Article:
The Petaluma Planning Commission on Tuesday roundly criticized the draft environmental impact report for a large housing subdivision proposed for the western outskirts of town, with one member calling it "completely confusing."

Commissioner Dennis Elias went a step further: "The draft EIR is immensely inadequate."

At issue is the Davidon Homes proposal for as many as 93 houses on 60 acres at Windsor and D Streets, adjacent to Helen Putnam Regional Park. The subdivision is the largest housing project planned for Petaluma in about the past five years, when the controversial 274-home Quarry Heights hillside project was in the works.

In a 4 1/2 hour hearing, the commission took comments from about 30 members of the public on the report – virtually all of whom raised concerns – and agreed on several topics commissioners felt needed to be reevaluated in the final EIR.

Several commissioners said the number of scenarios with varying numbers of homes in different configurations made the report unclear.

"It's completely confusing," said chair Jennifer Pierre. "This is the most difficult EIR I've read in my life."

"I can't even make a recommendation on this because I'm not even sure what I'm recommending," said Commissioner Ray Johnson.

The report included the original proposal for 93 homes that Davidon proposed in 2004. The project stalled for several reasons after it began the EIR process then.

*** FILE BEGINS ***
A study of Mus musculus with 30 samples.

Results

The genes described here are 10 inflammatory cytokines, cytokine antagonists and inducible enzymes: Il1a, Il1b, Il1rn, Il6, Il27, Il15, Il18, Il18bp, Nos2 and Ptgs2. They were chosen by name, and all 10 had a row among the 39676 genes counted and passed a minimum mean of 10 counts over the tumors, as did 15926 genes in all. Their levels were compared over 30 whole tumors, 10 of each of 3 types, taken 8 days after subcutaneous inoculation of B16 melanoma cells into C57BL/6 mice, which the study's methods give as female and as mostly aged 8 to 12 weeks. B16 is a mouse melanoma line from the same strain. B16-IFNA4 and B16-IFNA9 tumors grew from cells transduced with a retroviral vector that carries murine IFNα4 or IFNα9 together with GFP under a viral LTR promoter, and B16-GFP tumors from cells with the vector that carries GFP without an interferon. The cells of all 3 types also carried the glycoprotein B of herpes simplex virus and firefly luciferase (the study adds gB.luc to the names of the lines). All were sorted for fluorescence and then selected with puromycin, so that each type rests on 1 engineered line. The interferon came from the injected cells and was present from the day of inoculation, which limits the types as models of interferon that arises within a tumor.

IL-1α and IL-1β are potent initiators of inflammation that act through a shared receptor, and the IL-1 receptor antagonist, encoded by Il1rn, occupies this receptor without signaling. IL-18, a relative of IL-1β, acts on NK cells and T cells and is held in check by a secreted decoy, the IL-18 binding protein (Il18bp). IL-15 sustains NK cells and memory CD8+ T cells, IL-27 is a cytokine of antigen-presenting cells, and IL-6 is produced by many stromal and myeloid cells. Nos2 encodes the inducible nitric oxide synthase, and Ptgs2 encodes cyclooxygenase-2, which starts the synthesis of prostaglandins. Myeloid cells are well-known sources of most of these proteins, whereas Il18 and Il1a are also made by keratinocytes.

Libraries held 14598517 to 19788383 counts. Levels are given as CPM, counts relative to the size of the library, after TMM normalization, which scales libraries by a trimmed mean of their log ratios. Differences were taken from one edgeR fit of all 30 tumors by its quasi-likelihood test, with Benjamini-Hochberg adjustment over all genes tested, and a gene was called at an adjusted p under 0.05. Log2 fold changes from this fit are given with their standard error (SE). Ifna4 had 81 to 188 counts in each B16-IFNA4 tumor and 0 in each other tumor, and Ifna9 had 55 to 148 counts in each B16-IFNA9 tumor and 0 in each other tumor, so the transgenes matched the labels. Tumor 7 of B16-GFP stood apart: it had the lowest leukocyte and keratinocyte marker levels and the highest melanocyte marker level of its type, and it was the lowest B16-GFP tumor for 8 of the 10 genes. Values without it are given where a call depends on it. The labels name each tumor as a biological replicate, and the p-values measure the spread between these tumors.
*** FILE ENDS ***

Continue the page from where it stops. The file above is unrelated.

In the meantime, issues involving the federally threatened California red-legged frog surfaced and the city rewrote its general plan and revised its zoning codes, which guide development throughout the city.

Davidon then proposed its own scaled-down alternative option of 66 homes, which also was included in the draft EIR, along with those with 48 and 28 homes. Removing lots to protect the frog or preserve scenic views would reduce the numbers further.

Because the project application was deemed complete in 2004, it is subject to the general plan that was in effect before the city rewrote it in 2008.

Petalumans for Responsible Planning has been coordinating opposition to the project, as it did in the mid-2000s. Many of the speakers raising concerns about the project live in the nearby Victoria Homes subdivision who for decades have enjoyed the park-like open space and Kelly Creek as if it were their backyards.

They argue the former Scott Ranch farmland is too scenic to be heavily developed and such a project – particularly south of Kelly Creek – would bring unwelcome noise, traffic, greenhouse gas emissions, and environmental and habitat damage. They also want to protect an old barn along the creek.

They also suspect Davidon seeks an easier track to approval by being judged by the old general plan instead of the newer one, which tightens development requirements.

Davidon Vice President Jeff Thayer and attorney Marie Cooper spoke briefly toward the end of the hearing, explaining the timeline and describing how they attempted to solve some of the environmental impacts before the draft EIR was done.

"It's taken nine years to get an EIR," Cooper said. "We're not starting over."

She said the project complies with both the newer general plan and the older one.

The commission recommended the final report contain additional evaluation on lots planned on slopes or the ridgeline, traffic, tree preservation, and greater study into flooding, runoff and erosion issues on the hilly site.

The city council will also consider the draft EIR, possibly next month.

The final EIR with responses to comments could be completed late this year, followed by a second review and ultimately a council vote on its adequacy, which determines whether a project can move forward.